I've been entertaining myself lately by programming a simple text-based adventure game, and I'm stuck on what seems like a very simple design issue.
To give a brief overview: the game is broken down into
Room objects. Each
Room has a list of
Entity objects that are in that room. Each
Entity has an event state, which is a simple string->boolean map, and an action list, which is a string->function map.
User input takes the form
[action] [entity]. The
Room uses the entity name to return the appropriate
Entity object, which then uses the action name to find the correct function, and executes it.
To generate the room description, each
Room object displays its own description string, then appends the description strings of every
Entity description may change based on its state ("The door is open", "The door is closed", "The door is locked", etc).
Here's the problem: using this method, the number of description and action functions I need to implement quickly gets out of hand. My starting room alone has about 20 functions between 5 entities.
I can combine all actions into a single function and if-else/switch through them, but that's still two functions per entity. I can also create specific
Entity sub-classes for common/generic objects like doors and keys, but that only gets me so far.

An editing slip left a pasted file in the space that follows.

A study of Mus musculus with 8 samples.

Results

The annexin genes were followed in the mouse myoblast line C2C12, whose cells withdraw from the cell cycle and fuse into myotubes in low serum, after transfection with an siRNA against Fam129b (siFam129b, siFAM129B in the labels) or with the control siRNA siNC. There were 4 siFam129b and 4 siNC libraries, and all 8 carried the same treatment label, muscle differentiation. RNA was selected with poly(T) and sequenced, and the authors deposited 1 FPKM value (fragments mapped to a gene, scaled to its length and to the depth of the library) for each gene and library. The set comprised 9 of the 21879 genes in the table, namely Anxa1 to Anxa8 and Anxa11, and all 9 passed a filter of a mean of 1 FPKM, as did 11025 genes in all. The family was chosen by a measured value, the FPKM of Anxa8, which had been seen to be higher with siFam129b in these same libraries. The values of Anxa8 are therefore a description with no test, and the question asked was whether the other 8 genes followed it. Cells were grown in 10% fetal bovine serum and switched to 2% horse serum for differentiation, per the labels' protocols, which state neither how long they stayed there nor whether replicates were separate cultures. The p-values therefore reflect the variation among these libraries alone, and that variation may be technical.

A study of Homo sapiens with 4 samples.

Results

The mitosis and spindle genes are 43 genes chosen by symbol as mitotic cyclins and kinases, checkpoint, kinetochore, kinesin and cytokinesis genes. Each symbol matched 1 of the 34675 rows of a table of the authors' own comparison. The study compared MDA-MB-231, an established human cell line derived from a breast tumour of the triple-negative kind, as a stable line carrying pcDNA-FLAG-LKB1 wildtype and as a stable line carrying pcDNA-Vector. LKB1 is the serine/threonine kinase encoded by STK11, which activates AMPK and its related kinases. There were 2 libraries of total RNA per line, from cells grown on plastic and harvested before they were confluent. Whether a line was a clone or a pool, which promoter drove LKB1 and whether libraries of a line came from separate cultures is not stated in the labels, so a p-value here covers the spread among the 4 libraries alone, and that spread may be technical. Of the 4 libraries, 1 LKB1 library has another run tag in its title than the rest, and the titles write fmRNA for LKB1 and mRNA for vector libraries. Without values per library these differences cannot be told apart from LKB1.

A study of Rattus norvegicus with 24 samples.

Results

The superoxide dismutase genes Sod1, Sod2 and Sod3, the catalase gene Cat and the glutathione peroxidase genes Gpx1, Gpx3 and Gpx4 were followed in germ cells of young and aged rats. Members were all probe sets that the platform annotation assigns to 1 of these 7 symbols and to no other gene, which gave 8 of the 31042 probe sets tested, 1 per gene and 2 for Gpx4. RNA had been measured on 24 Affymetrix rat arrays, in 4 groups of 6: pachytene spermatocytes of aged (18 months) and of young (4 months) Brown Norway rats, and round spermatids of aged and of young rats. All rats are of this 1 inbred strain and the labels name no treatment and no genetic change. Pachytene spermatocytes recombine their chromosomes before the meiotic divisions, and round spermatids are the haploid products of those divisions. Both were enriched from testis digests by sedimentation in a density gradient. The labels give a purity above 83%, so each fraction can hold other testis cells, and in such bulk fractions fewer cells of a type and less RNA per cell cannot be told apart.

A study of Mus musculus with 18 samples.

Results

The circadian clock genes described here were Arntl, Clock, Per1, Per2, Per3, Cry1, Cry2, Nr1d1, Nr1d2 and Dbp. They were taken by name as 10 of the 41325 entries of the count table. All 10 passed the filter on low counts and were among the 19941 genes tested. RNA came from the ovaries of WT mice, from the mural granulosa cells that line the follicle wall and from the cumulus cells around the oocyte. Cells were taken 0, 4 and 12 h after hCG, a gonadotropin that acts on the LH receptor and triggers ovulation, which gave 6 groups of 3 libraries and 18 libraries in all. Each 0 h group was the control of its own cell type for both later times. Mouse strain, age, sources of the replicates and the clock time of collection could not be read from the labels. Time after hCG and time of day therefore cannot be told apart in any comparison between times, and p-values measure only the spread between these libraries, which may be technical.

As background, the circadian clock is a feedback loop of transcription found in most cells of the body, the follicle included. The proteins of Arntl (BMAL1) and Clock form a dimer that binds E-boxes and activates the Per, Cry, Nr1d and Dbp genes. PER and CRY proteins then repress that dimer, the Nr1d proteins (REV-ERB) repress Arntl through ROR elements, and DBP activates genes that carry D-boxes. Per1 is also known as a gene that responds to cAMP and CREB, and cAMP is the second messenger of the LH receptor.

EDIT 1: As requested, pseudo-code examples of these action functions.
string outsideDungeonBushesSearch(currentRoom, thisEntity, player) if thisEntity["is_searched"] then return "There was nothing more in the bushes." else thisEntity["is_searched"] := true currentRoom.setEntity("dungeonDoorKey") return "You found a key in the bushes." end if string dungeonDoorKeyUse(currentRoom, thisEntity, player) if getEntity("outsideDungeonDoor")["is_locked"] then getEntity("outsideDungeonDoor")["is_locked"] := false return "You unlocked the door." else return "The door is already unlocked." end if
Description functions act in pretty much the same way, checking state and returning the appropriate string.
EDIT 2: Revised my question wording. Assume that there may be a significant number of in-game objects that don't share common behavior (state-based responses to specific actions) with other objects. Is there a way I can define these unique behaviors in a cleaner, more maintainable way than writing a custom function for each entity-specific action?